Snow-removal contractors having hectic year

Cordell Reise has been in the snow-removal business for 10 years. None stack up to 2013.

Cordell Reise has been in the snow-removal business for 10 years. None stack up to 2013.

“I think it was Oct. 28, or something like that, we hit the ground running and we haven’t stopped since,” said the owner of R&R Turf and Property Management.

Other local contractors tell similar stories.

“It’s been hectic, let me tell you,” said Brad Jorgensen, who operates BJ Bobcat & Trucking.

“I don’t remember snow being like this year’s since when I was a kid.”

“I’ve lived in Red Deer all my life and I can’t remember ever seeing this,” added Hugh Lockhart, whose business is Greenside Up Landscaping.

Kerri Tisdale, general manager of Alberta Parking Lot Services, cited some numbers to put things in perspective.

“Last year we had 127 cm in the whole year, up to the end of April. This year, at Dec. 23, we were at 97.1 cm of snow.”

That’s meant long hours with few days off for snow-removal workers.

Mark Body, who owns Maple Bay Maintenance, has taken one day off since the beginning of November — Christmas Day.

Lockhart has also been burning the candle at both ends.

“There have certainly been some weeks where I’ve been 105, 110 hours, and I’ve had a couple of my guys even more,” he said, noting that some of his employees are labouring with a shovel.

“Staffing is the biggest problem, because people don’t realize just how demanding it is.”

In addition to fatigue and sore muscles, human conflict can be a workplace hazard.

Body described one incident this winter when a motorist in a mall parking lot climbed into a loader and punched the operator. In another instance, a man who had to move his parked vehicle a short distance for a snow-removal crew threw a piece of ice at the loader and challenged its operator to a fight.

“That was just before Christmas,” marvelled Body. “It could be a city worker, it could be one of my girls shovelling a sidewalk — you just can’t have people assaulting people for no reason.”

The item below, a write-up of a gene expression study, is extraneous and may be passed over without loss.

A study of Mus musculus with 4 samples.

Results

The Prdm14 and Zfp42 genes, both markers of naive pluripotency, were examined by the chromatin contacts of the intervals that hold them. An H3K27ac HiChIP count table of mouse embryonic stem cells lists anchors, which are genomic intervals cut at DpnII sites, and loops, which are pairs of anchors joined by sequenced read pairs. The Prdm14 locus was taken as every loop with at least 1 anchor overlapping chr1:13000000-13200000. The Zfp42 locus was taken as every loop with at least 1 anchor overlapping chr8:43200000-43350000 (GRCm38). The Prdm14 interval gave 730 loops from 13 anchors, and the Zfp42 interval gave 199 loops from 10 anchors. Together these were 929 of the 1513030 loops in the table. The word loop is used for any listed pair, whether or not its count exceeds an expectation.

Other contractors agreed that drivers, shoppers, residents and business owners often lose their cool as the snow piles up.

“We have the most thankless job out there,” said Jorgensen.

People need to realize that Mother Nature is the culprit, not snow-removal workers, said Tisdale.

“Other countries have typhoons and crazy hurricanes. In Western Canada, we get crazy snowfalls. They don’t happen a lot but when they do happen, we have to have patience.”

The heavy snowfall hasn’t necessarily meant a cash windfall for contractors, many of whom provide their services for a fixed monthly rate.

“This year, we’ve been losing on a lot of those,” said Tisdale.

Another problem has been finding a place to put all that frozen precipitation.

“We’re pretty much tapped out for space,” said Jorgensen. “We’ve already started hauling out some customers because they have no space left.”

But trucking snow off-site costs money, which customers are not eager to pay.

“We’re having a huge problem in that area,” said Reise of the snow-storage issue.

Space concerns also exist for snow that is being hauled. There can be long delays at Red Deer’s busy snow dump sites, and worse problems elsewhere.

“There are snow dumps within Central Alberta that are closed to contractors and the public,” said Tisdale. “They’re only open to the villages and towns.”

Dumping in places like farmers’ fields is not a solution, she added, because of the salt and sand contained within the snow.

Lockhart thinks Red Deer’s snow-removal workers would be happy to see an end to the white stuff.

“It wouldn’t break any of our hearts, I don’t think. Everybody wants work but it’s been a little ridiculous this year.”

Jorgensen would be quick to take advantage if business does slow.

“I’m ready to go to Mexico, where it’s warm,” he said.